Construction on Yukon aquaponics facility could begin this spring

Some entrepreneurs in Yukon say they've found a creative way to move their project forward — by using geothermal power. 

Founders of Yukon's North Star Agriculture have been pushing to build an aquaponics facility in Yukon, which would raise fish and vegetables indoors. 

CEO Sonny Gray says the company has now secured funding to build a facility near the Takhini hot springs, outside Whitehorse. 

North Star Agriculture

The project is projected to cost at least $8 million, including a land purchase and construction. 

The Whitehorse company says some funding has been pledged by NutraPonics Canada, an Edmonton-based company which already has aquaponic farms in Alberta. The Yukon facility would be considered a joint business venture between North Star and NutraPonics.

"We're in a position now where we have our seed funding so we're able to start construction in the spring," said Gray.

"We are actively putting applications in with federal and territorial funding to maximize the potential funding in order to give us a leg up — but ultimately, we do have the initial seed capital to do the construction this year."  

The hot springs location is the latest iteration of the project. Previous proposals had focused on Carcross and building a test facility elsewhere in Whitehorse.

The proponents also counted on federal funding that in the end was not pledged.

Geothermal will save money

Gray says that using geothermal power for the project could reduce energy costs by at least a third.

The plan is to use warm water that drains from the Takhini Hot Pools. The water won't touch the plants, but its heat will be used year-round to cycle through heat exchangers and pipes in the floor. 

North Star Agriculture

Gray says his business is now finalizing the purchase of a 0.8 hectare lot a short walk from the Takhini Hot Pools. North Star has also obtained required permits from the Yukon government to proceed with construction. The project does not require agricultural zoning, but rather commercial.

Matt Douglas, chief marketing officer for North Star, says tourism is also part of the plan. He would like to see visitors pay a small admission fee to see the farm, which would have space dedicated to exhibits and educational demonstrations.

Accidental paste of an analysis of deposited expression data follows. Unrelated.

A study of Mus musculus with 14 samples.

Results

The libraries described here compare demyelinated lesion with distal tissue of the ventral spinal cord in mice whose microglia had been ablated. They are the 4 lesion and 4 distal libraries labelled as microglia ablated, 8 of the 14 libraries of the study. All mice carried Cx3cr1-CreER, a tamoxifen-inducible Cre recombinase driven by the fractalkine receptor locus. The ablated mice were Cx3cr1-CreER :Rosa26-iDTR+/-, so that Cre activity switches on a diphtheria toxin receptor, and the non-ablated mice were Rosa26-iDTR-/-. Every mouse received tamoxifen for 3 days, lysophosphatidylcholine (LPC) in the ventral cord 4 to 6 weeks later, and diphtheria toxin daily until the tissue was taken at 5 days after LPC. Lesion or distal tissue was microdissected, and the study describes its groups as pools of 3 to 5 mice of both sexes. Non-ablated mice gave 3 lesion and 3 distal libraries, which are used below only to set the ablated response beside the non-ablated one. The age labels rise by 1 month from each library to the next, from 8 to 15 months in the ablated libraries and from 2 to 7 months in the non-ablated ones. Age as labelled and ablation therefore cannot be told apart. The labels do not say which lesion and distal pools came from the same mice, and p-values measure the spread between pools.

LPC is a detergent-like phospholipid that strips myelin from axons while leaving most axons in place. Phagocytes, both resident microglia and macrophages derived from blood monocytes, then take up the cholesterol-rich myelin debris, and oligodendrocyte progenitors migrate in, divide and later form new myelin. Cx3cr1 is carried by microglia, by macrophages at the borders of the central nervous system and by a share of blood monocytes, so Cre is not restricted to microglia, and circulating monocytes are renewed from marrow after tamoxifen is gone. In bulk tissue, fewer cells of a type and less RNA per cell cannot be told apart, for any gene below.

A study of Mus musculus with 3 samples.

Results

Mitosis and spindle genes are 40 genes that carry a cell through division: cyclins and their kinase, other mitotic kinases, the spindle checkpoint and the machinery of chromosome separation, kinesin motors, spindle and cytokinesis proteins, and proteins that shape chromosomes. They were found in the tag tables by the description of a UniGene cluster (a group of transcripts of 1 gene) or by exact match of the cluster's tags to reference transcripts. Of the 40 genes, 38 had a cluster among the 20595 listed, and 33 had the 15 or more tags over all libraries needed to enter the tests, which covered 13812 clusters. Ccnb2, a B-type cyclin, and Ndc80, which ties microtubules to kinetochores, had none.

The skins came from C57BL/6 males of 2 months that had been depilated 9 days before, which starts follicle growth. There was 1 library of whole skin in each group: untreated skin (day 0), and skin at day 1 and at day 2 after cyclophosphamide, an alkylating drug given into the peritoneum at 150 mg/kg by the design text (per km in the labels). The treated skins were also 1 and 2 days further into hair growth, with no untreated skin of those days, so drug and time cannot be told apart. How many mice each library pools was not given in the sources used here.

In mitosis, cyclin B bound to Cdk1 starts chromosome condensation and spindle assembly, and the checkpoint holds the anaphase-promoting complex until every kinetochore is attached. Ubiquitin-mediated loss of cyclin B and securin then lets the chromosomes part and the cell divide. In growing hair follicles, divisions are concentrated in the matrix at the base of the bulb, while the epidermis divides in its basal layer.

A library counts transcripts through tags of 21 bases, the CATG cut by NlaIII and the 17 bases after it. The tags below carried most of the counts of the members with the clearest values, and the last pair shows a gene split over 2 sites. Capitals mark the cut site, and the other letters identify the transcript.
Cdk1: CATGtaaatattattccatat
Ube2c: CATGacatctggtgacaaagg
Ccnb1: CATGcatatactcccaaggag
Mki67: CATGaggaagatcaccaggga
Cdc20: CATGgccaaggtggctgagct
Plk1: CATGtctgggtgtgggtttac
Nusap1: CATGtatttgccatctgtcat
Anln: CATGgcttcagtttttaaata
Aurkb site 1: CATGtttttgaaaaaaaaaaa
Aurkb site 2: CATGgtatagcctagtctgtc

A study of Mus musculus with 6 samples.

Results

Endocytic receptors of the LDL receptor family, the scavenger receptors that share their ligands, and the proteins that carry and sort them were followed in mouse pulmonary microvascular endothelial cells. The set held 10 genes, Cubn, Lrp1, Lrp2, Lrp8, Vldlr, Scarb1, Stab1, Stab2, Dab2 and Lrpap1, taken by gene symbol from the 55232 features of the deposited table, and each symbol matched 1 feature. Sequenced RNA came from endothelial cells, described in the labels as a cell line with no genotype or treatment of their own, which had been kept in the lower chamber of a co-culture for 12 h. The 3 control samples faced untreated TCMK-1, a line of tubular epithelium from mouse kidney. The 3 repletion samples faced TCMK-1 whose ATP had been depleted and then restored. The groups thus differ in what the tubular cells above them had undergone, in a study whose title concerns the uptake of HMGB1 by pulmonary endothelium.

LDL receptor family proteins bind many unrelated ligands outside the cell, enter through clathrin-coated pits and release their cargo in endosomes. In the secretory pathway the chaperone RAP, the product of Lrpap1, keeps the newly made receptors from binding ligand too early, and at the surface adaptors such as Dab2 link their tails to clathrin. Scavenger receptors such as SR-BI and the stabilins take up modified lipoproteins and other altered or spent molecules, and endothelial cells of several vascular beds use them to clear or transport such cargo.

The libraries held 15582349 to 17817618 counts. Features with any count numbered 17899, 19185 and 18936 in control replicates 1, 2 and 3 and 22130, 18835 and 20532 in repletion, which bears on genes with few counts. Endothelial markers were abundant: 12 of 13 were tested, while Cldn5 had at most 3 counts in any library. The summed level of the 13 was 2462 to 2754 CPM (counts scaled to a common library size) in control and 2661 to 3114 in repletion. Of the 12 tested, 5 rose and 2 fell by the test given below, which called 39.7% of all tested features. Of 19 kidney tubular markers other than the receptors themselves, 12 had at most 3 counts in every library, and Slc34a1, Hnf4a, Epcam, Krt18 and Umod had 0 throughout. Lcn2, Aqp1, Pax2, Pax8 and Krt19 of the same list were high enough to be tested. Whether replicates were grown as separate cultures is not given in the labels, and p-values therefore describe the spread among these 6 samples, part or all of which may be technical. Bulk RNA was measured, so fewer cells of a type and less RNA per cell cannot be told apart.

"We want to showcase this technology," Douglas said. "The Takhini hot springs see tens of thousands of tourists every single year — whether they're going to the Yukon Wildlife Preserve or the hot springs, or some of the other attractions in the area. That amazing amount of tourism traffic plays really well," he said. 

Gray says the facility could require more than 20 employees, but automation will also play a role — for example, robotic arms moving on rails could be used to plant, rotate and water plants in the vertical farm.

Such technology would cut labour costs, he said, while providing an interesting display for tourists who want to see the farm of the future.

Not a fish farm

The building is now in the design engineering phase, with a target size of about 3,700 square metres. The plan is to begin preparing the lot this spring for construction.

One hurdle has been securing permits for raising fish. Under current regulations, the Yukon government will not allow agriculture involving non-local fish species.

Aquaponic systems raise fish and plants side-by-side. The fish provide fertilizer, while the plants provide oxygen and filter water. 

Gray says the facility will initially use tropical decorative fish, purchased at a local pet store. That would mean the project is legally considered an aquarium, and not a fish farm, as it won't be breeding them for commercial purpose.

He hopes in time this will change.

"It's not perfect, but we're banking on the fact that in some point in time we will be selling fish," he said.

The proponents are now working with Yukon Business Development Program to finalize plans.